We’ll just say it — gynecology appointments can be uncomfortable. And we’re not just talking about putting your feet in the stirrups. Openly asking your ob-gyn questions about your sexual health, menstrual cycle and vagina might bring up some anxious feelings even when you know it’s best to be candid.
To help open up the lines of communication, we asked gynecologists to get real with us about everything from pap smear etiquette to shaving your bikini line to health issues they wish you were paying closer attention to.
Here are seven things your gynecologist wishes you’d stop doing.
1. Worrying About Hairy Legs
There’s no need to apologize to your gynecologist about your body hair during your pap smears.
“Stop worrying about shaving your legs,” insists Dr. Sheila Chhutani, a board-certified ob-gyn in Dallas, Texas. “We really don’t look.”
But one small request — do pay attention to your feet! Chhutani says gynecologists see and smell those during exams.
2. Putting Yourself Last On The Priority List
It’s important for women to carve out time for their mental and physical health, says Chhutani. When you do so, you’re better able to take care of those around you.
This means scheduling a routine Pap smear, among other things. Your ob-gyn can let you know how often you should get tested, as the recommended frequency hinges on your age and health history.
The U.S. Preventive Services Task Force recommends getting a Pap test every three years if you’re between 21 and 29 years of age. If you’re 30–65 years old, you should get a Pap test every three years, an HPV test every five years or a Pap test and HPV test together (called co-testing) every five years. Those 65 and older should consult with their doctors to see if they still need Pap tests.
3. Scheduling Your Pap Smear On Your Period
Before you cancel your Pap smear appointment because your period just arrived, consult with your ob-gyn. Your gynecologist may still recommend that you come in for your appointment, especially if your menstrual flow is light. But, in general, it’s best to wait until after your cycle to have your Pap smear, particularly if the flow is heavy, says Dr. Kecia Gaither, M.D., MPH, FACOG, double board-certified in OB-GYN and Maternal Fetal Medicine and Director of Perinatal Services at NYC Health + Hospitals/Lincoln.
“The blood and uterine tissue that is being expelled may obscure the visibility of the cells collected during a Pap smear, increasing the risk of inaccurate results,” says Gaither.
4. Using A Dull Razor To Shave Your Pubic Hair
Shaving the bikini area is a personal choice, Gaither says. Though she points out that shaving does increase the risk of developing folliculitis (infected hair follicles) and ingrown hairs in the area.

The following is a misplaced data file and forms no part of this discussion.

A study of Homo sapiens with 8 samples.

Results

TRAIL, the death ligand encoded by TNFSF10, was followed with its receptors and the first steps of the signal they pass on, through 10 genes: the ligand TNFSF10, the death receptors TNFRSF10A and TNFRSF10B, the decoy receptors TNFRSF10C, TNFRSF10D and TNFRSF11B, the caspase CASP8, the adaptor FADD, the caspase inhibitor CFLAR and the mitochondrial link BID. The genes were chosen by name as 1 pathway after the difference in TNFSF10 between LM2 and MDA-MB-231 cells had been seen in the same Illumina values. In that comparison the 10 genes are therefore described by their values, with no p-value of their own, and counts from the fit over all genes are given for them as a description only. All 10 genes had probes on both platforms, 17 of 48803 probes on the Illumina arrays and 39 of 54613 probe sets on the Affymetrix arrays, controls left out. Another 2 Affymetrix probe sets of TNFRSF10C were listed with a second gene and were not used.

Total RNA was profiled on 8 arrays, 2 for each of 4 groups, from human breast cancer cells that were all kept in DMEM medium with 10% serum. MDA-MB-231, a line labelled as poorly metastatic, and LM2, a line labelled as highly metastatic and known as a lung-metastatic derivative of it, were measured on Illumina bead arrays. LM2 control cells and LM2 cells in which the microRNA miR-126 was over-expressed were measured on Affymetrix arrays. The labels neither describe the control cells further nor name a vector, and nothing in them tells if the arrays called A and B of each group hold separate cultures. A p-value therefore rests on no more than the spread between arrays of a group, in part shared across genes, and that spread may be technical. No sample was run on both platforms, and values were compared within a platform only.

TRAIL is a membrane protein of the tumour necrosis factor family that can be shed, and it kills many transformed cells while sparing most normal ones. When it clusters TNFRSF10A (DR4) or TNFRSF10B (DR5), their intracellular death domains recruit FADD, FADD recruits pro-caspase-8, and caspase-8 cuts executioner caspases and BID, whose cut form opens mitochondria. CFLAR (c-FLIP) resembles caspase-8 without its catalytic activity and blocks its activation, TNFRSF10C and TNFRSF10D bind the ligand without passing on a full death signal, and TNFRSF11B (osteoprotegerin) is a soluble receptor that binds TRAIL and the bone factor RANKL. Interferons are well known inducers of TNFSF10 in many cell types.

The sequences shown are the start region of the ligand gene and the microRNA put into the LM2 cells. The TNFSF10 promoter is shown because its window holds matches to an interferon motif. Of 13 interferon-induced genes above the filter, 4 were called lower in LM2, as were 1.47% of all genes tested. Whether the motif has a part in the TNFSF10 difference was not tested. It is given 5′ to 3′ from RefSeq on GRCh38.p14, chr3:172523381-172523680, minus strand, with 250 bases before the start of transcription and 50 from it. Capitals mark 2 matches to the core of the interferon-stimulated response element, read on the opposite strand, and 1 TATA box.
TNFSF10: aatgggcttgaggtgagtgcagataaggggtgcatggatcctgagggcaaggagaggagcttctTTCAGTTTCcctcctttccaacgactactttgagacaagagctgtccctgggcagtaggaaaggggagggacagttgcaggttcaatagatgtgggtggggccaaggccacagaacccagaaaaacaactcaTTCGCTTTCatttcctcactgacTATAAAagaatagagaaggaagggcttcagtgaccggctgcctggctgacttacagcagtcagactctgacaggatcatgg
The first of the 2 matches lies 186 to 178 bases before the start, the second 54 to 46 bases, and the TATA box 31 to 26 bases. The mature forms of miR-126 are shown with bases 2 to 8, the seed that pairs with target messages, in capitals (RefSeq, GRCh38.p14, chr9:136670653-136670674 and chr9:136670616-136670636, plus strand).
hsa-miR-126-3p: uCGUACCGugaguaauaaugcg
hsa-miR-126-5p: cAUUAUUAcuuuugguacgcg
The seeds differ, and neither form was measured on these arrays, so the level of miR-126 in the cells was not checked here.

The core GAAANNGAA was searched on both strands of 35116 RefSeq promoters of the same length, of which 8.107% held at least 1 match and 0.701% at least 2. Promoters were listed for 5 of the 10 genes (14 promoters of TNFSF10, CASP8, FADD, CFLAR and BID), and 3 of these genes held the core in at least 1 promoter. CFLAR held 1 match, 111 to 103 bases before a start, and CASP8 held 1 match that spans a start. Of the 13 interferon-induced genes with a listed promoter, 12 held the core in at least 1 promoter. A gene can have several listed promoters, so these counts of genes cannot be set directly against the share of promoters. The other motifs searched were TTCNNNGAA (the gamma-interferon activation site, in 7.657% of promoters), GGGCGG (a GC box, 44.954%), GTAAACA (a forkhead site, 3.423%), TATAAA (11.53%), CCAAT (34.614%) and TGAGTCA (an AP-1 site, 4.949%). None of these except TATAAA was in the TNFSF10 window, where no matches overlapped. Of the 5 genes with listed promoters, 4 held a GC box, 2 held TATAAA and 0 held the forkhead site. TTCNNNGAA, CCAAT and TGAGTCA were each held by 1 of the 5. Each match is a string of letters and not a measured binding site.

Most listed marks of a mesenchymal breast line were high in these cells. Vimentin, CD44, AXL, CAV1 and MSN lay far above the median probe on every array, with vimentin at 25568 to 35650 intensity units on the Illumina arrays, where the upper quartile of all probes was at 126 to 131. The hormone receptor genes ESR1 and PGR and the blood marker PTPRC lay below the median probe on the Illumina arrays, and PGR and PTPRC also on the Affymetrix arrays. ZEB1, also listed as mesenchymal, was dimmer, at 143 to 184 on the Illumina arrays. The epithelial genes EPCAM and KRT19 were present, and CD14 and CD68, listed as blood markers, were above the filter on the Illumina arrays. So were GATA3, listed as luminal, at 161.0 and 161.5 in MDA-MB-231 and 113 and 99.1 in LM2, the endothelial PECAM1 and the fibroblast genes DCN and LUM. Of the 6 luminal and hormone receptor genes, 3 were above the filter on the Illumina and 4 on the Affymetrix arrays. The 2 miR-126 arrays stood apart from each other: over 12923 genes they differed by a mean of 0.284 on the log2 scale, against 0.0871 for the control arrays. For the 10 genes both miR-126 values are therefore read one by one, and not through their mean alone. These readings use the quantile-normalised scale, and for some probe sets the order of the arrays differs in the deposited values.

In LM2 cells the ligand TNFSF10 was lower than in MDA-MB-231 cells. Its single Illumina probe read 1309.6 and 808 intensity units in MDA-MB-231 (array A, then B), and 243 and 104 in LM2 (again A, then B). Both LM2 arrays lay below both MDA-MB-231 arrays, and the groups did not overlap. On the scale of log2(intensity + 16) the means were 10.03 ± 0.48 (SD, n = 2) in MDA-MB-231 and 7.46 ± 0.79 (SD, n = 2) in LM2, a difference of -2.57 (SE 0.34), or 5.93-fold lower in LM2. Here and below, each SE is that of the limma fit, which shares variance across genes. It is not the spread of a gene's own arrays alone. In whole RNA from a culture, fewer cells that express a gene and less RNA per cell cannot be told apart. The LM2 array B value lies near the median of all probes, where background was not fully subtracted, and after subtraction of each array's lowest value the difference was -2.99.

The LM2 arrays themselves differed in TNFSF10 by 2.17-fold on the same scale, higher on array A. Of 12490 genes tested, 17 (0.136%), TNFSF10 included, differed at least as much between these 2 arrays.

“In an attempt to avoid this,” she says, “it’s best to thoroughly cleanse the area first, and then use a moisturizing gel and a fresh razor.”
5. Using Coconut Oil As Lubricant
In recent years, coconut oil has become a household multitasker. It’s now used in everything from baking to moisturizing the skin — and has even made its way into natural toothpastes. But be careful before you use it as a lubricant during sex, warns Dr. Peter Rizk, ob-gyn and health expert for Fairhaven Health, which makes feminine care products.
Coconut oil can erode the latex in condoms. But more than that, he says, it can also pose various vaginal health problems, as coconut oil can disrupt the production of mucus and exfoliation in the vaginal mucosal barrier. Although oils can temporarily relieve vaginal dryness and discomfort, they have to then be cleaned out by the vagina, which can disrupt vaginal self-cleaning, he explains.
About one in five women in the United States between the ages of 15 an 44 douche, but the Office on Women’s Health and the Centers for Disease Control and Prevention warn against it.
Douching is when you wash the inside of the vagina, and most douches are sold in prepackaged mixes of water and vinegar, baking soda or iodine. But douching can cause all types of problems, disrupting the balance of bacteria and natural acidity in a healthy vagina. This can cause an overgrowth of harmful bacteria, which can lead to yeast infections or bacterial vaginosis.
Health experts recommend letting your vagina cleanse itself naturally with mucous and washing the outside with warm water when you bathe. Even mild soaps can cause dryness and irritation. If you’re concerned about vaginal odor, talk with your ob-gyn.
7. Writing Off Period Pain
Women oftentimes downplay pelvic pain, bloating and heavy menstrual flow as typical period problems, says Dr. Romi Chopra, an interventional radiologist with the Midwest Institute for Minimally Invasive Therapies. But these symptoms could be signaling something more serious, such as uterine fibroids, and a minimally invasive procedure could help reduce pelvic pain and heavy bleeding.
Also, don’t downplay your heavy periods. Passing clots larger than a quarter or having to change your tampon or pad every couple of hours because of heavy bleeding is something you should tell your gynecologist about, as it could be caused by a uterine-related problem.
A final tip — if you’ve got some less urgent questions you’ve been meaning to ask your gynecologist, write them down in a notebook or make a note in your phone. Sometimes, it’s easy to forget questions you have during a quick appointment, but this will help keep them front of mind.